Arms : Azure, five lozenges conjoined in bend Or; on a chief argent, an open book proper, bound gules edged Or, between two hammers erect sable.
Crest: On a wreath argent, gules and sable, Out of a mural crown sable a cubit arm, vested argent, the hand proper holding a torch gules enflamed also proper, between two branches of laurel Or.
Supporters: To the dexter a Canada Goose and to the sinister a Red Squirrel both proper each wreathed about the neck with Gorse Or.
The arms were granted to the Birmingham College of Technology on March 18, 1955, to Aston University on August 1, 1966 and the supporters were granted on July 29, 2016.
The five gold lozenges conjoined in a diagonal "bend" is taken from the first quarter of the Arms of the city of Birmingham. Those Arms were themselves taken from the original Lords of the Manor - the de Bermingham family - who used them from about 1413 to 1536. The fact that the city of Birmingham's Arms are directly referenced in the Arms of the College of Technology show how closely this educational institution was - and still is - entwined with the city and with industry.
The chief shows the connection of the University with industry; the book represents learning and the hammers, engineering and allied trades. Again, compare it to the City of Birmingham's Arms which are topped by a man's arm brandishing a hammer, but note that Aston University's are of a different type known as a ball-pein hammer. This hammer is specific to metalworking, with the round head used to smooth off the edges of metal pins and rivets and the flat head useful for striking punches and chisels.
The laurel branches in the crest traditionally symbolise academia and learning, but may have a dual purpose here; following the incorporation of Birmingham as a borough in 1838, the corporation adopted a seal comprising the de Bermingham family Arms encircled by a laurel wreath. So the laurel branches in Aston's crest could well be another echo of the links with Birmingham itself.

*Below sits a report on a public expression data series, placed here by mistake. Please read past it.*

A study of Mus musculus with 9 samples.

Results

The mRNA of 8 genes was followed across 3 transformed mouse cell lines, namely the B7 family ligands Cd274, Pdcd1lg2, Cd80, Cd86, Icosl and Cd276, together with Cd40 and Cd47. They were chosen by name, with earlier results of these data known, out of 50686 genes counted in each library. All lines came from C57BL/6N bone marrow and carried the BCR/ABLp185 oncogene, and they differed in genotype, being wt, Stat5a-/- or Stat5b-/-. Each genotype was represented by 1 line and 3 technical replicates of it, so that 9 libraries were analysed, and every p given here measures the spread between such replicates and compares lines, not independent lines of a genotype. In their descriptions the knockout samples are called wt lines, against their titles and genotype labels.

In 2016, to mark the University's 50th anniversary, then Vice-Chancellor, Professor Julia King, the Baroness Brown of Cambridge, requested from Her Majesty's College of Arms the favour of supporters to Aston University's arms. This was duly granted and the Letters Patent was formally presented to Aston University by the York Herald, Michael Peter Desmond O'Donoghue Esq., during a service at St Phillips Cathedral, Birmingham, on September 29th 2016.
The arms are supported by a Canada goose and a red squirrel. The squirrel is the crest of the arms of Aston Manor and is a rebus (the owners of Aston Manor were the Holte family and a squirrel's nest is called a holt). Because of this ancient connection between the squirrel and Aston, the animal also appears on the University mace and on the Chancellor's chain of office (the latter was originally the property of the Mayor of Aston Manor).
The Canada goose is a recent connection that symbolises the family of geese living on the University campus.
One further piece of symbolism is the gorse around the animals' necks. This is a reference to the settlement of Gosta Green - known as Gostie Green during the 18th century. It is thought that this was a conflation of the name of the original landowner (William de Gorsty) with the word 'gorse' (as gorse bushes were common nearby).